You can’t measure “return on relationship.”

In Agency Biz, Just Thinkin', The Marketing Microscope on May 25, 2011 at 7:40 pm

Attention all you metric mavens out there. In this economy and business climate, I understand a little tendency toward desperation. When you’ve got bills to pay, it’s logical to want an almost instant return on any time, money or other resources you invest in your business. But “logical” isn’t always the same as “smart.”

I just read a wonderful post on the subject by Amber Naslund over at her Brass Tack Thinking blog. She talks about the need to build all your networks before you “need” them. Create and grow your relationships when the only payback is the relationship itself, not a virtual filing cabinet with the many ways the other party can help you get money, business, a job or whatever-  preferably soon.  ROI doesn’t stand for Return on Insensitivity.

Clearly, this discussion is relevant given the attention and special status so many of us marketers are conferring on social media as a marketing channel. We smugly congratulate one another on recognizing the need for two-way dialogue and claim to be comfortable with the fact that we don’t lead many of the discussions any longer. Then someone gets impatient with all that warm, fuzzy stuff and talks about “monetizing” the process. Sigh.

I don’t really think this is about social media at all. Remember the marketing people whose obvious self-absorption and thirst for profit drove you crazy pre-Twitter and even pre-Internet? Those are the same people who are now either driving potential customers away with transparent  efforts in “new media” or staying out of the social media discussion entirely since they don’t have the mindset to accept a payback that isn’t guaranteed to happen at all, let alone quickly. (That doesn’t make it a bad investment – just one they can’t understand.)

Yes, I’m very aware that businesses must manage their resources efficiently and don’t like the idea of paying people to “schmooze” or cyber-surf with no apparent end game. But unless you’re the low-price leader and can get all the business you need by sending out price lists, you’d better learn to deal with it. Whether it’s a potential client, employer, strategic business partner or a potential customer, they’re only human – and if they weren’t important back when you didn’t need them, they won’t have much  use for you when you do.  Marketing is suddenly very human. And I find that a very good thing.


In Uncategorized on May 1, 2011 at 12:42 am

It could have been so lame. AT&T could have bombed badly. In its “Anniversary” spot, the production team could have given us the typical, self-absorbed type-A hotshot, forgetting all about a planned anniversary dinner with his wife. And we’d have been forced to watch as he smugly covered his error by making a dinner reservation while on the phone with his wife– using that lone benefit of the iPhone on AT&T’s network: the ability to surf the web while you are talking.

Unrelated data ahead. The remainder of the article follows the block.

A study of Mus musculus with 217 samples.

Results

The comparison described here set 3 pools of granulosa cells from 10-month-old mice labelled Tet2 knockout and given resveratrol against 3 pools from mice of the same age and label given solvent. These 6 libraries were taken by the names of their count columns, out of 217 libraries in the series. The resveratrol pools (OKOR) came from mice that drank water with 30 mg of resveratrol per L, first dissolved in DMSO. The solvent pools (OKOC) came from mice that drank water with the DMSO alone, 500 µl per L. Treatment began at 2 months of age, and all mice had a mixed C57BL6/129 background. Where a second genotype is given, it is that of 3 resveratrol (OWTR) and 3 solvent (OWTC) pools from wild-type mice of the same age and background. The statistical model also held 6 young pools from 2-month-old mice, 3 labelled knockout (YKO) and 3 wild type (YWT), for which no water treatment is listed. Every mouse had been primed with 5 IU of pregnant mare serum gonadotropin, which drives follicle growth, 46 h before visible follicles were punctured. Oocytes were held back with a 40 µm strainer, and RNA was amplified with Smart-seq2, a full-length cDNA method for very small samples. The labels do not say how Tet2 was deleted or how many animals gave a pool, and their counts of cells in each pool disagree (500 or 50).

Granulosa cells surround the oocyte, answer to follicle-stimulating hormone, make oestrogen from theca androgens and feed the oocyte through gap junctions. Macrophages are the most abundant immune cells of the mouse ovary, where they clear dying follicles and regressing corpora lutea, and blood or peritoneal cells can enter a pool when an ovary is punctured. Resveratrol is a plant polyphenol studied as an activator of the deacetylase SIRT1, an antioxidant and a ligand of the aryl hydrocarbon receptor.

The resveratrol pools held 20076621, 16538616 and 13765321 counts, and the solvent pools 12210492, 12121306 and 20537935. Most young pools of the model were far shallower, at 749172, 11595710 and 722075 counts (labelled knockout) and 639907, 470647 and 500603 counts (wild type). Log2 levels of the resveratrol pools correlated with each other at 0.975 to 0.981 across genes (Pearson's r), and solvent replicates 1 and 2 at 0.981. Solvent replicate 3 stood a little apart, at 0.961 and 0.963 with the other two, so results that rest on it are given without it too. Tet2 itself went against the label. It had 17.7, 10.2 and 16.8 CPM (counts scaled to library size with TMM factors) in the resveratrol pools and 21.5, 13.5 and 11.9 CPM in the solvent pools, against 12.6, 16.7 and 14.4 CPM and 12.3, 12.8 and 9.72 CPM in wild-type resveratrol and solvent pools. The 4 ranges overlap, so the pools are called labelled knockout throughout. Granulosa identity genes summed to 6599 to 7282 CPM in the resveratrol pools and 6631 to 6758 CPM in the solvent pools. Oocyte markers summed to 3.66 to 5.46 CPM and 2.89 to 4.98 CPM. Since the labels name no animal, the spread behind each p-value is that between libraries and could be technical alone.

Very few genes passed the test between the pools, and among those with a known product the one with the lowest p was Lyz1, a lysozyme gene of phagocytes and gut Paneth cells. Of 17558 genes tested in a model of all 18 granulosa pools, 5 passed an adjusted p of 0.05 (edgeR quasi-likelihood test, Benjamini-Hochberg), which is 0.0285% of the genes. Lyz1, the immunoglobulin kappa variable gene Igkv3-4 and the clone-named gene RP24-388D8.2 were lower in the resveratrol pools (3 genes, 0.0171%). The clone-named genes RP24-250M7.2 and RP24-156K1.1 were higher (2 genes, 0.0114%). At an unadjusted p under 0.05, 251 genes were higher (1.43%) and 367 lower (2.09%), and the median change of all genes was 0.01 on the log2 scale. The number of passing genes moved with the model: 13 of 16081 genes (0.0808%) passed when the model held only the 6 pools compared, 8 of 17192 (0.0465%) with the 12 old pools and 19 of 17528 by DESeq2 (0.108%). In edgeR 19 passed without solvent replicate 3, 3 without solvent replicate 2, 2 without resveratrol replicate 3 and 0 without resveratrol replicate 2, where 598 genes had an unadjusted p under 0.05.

But they didn’t settle for typical casting, , and the  result is one of the most watchable spots I’ve seen in some time. The businessman, who gets the reminder call from his wife as he is working late, is no stud, and no driven overachiever. He is, instead, a stocky, likable fellow who seems less like a young turk than an  average Joe struggling to  get his work done. His stammering conversation with his wife proves he feels guilty for  forgetting and doesn’t want to hurt her feelings by admitting it. He’s a bumblingly heroic  figure as he gathers his work and clutches it to his chest as he hurries out the door.

The actor plays the part to perfection, generating all kinds of empathy in the process. We  viewers want him to get away with it. We LIKE him!  Had the agency production team opted for the “expected” type , we’d have been hoping for the spot to end with a frying pan through the windshield of whatever high-end sport sedan they had put him in.

But our guy? No problem.  Spare the frying pan. We’re in his corner. (And if he isn’t driving a Ford Taurus, he probably has the family minivan at work. )

So good job, everyone. Nice concept. Nice demo of the thin competitive benefit enjoyed by AT&T over Verizon. And of course, great casting. Which, as I have been pointing out a lot lately, can make all the difference.